What is a Gastric Bypass?
Gastric Bypass, also known as Roux-en-Y Gastric Bypass, is primarily a combined restrictive and metabolic weight loss procedure with a mildly malabsorptive component. The surgery involves in creating a small pouch at the top of the stomach and bypassing the flow of food away from the first part of the small intestine and directly into the middle part of the small intestine. The weight loss effect is primarily achieved through limiting the amount of food stored in the small pouch and the hormonal changes that occur through diverting food away from the first part of the small bowel. There is also a small limiting effect on the absorption of food.
Indications for Gastric Bypass
Gastric Bypass surgery is indicated for morbidly obese individuals with the following criteria:
- BMI is ≥ 40
- BMI is 35-39.9 with at least one or more associated co-morbidities such as type 2 diabetes, high blood pressure, high cholesterol level, heartburn, joint problems, breathing problems (obstructive sleep apnoea), etc…
- BMI is 30-34.9 with uncontrolled or poorly controlled type 2 diabetes with multiple anti-diabetic medications (including insulin)
Why choose this procedure?
Roux-en-y Gastric Bypass has been considered by some as the “Gold standard” of bariatric procedure which accounts for its enduring popularity in many parts of the world since it was first performed in 1967. Besides a greater efficacy in weight loss, the metabolic component of the procedure has a better chance of normalising the blood sugar level in type 2 diabetic patients when compared to the other weight loss procedures. It is also the procedure of choice for those with bad concurrent heartburn/reflux disease.
The excess weight loss is expected to be around 60-70%.
Advantages of Gastric Bypass
The advantages of gastric bypass include:
- Better weight loss efficacy than gastric band and sleeve gastrectomy
- Higher rate of resolution/improvement of obesity-related conditions
- It is an anti-reflux operation and is thus most suitable for those with bad reflux/heartburn
- It may be better for uncontrolled or poorly controlled type II diabetes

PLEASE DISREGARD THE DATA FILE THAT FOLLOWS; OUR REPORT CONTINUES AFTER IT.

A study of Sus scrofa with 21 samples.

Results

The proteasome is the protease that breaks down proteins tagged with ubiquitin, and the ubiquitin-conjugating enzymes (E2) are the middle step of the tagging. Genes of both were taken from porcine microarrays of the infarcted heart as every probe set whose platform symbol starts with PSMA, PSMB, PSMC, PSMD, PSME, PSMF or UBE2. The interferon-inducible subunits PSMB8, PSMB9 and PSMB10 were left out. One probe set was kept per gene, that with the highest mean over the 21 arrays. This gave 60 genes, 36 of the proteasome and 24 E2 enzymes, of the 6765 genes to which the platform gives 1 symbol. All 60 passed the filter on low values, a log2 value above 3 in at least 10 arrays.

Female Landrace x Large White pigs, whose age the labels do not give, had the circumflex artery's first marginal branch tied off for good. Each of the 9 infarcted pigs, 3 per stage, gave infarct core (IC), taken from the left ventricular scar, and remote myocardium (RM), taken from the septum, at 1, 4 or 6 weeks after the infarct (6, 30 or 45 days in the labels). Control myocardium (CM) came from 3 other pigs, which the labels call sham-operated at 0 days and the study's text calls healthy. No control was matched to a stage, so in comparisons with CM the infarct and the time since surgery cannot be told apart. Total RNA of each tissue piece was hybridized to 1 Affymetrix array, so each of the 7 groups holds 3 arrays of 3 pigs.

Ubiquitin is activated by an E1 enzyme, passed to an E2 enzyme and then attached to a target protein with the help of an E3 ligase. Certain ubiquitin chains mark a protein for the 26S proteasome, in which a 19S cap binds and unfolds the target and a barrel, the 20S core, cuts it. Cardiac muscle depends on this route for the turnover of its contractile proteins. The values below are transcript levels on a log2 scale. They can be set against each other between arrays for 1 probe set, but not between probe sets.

- No implant device in the body
Disadvantages of Gastric Bypass
- Technically more complex than gastric banding or a sleeve and potentially could result in greater complication rates
- Risk of dumping syndrome, stomal ulcer and internal hernia
- Potential for long-term vitamin/mineral deficiencies (particularly with iron, B12, calcium and folate) which requires regular monitoring
- Requires strict adherence to life-long vitamin/mineral supplementation, dietary recommendations, and follow-up compliance
Gastric Bypass Procedure
Gastric bypass surgery is performed laparoscopically (key-hole surgery) under general anaesthesia. The surgeon makes 5 small incisions in the abdominal wall through which a camera and surgical instruments can be inserted into.
The first stage of the surgery involves in reducing the amount of food that can be stored in the stomach to reduce your calorie intake. This is achieved by creating a small stomach pouch below the oesophagus using a stapler/cutting device.
The second stage involves in construction of a bypass for food to flow from the new created stomach pouch to the lower segments of the small intestine.
After division of the upper segment from the lower segment of the small intestine, the lower segment (which is often referred to as the “Roux limb”) is then attached to the stomach pouch. The upper section of the small intestine which carries bile and digestive juices from the liver, pancreas and the remaining portion of the stomach is then joined to the lower end of the Roux limb. Below this joint is where food can mix with the digestive enzymes and this last segment of bowel is often referred to as the “Common limb”.
Post-operative Care for Gastric Bypass
After the surgery, you will typically be staying in the hospital for about 3-4 days. Your doctor will prescribe pain-killers and anti-nausea medications to keep you comfortable following the procedure. Your nurse will help you to move at the earliest after the surgery to prevent blood clots, respiratory problems and bedsores. The swelling in your stomach after the operation can sometimes make it difficult to drink which is a normal process. However, it is important to remember to sip water throughout the day to avoid dehydration (especially in the first 1-2 weeks).
You will be kept on a liquid diet for the first 1-2 weeks post-op and then, depending on your progress of recovery, transition to puree diet and then soft diet at every 1-2 weeks afterwards. Your surgeon or dietician will give you a specific diet plan and instructions to follow after the surgery. You will be advised to take medication to reduce the amount of acid produced by your stomach for the first 3 months. You will also need to start taking multi-vitamins which will continue for life.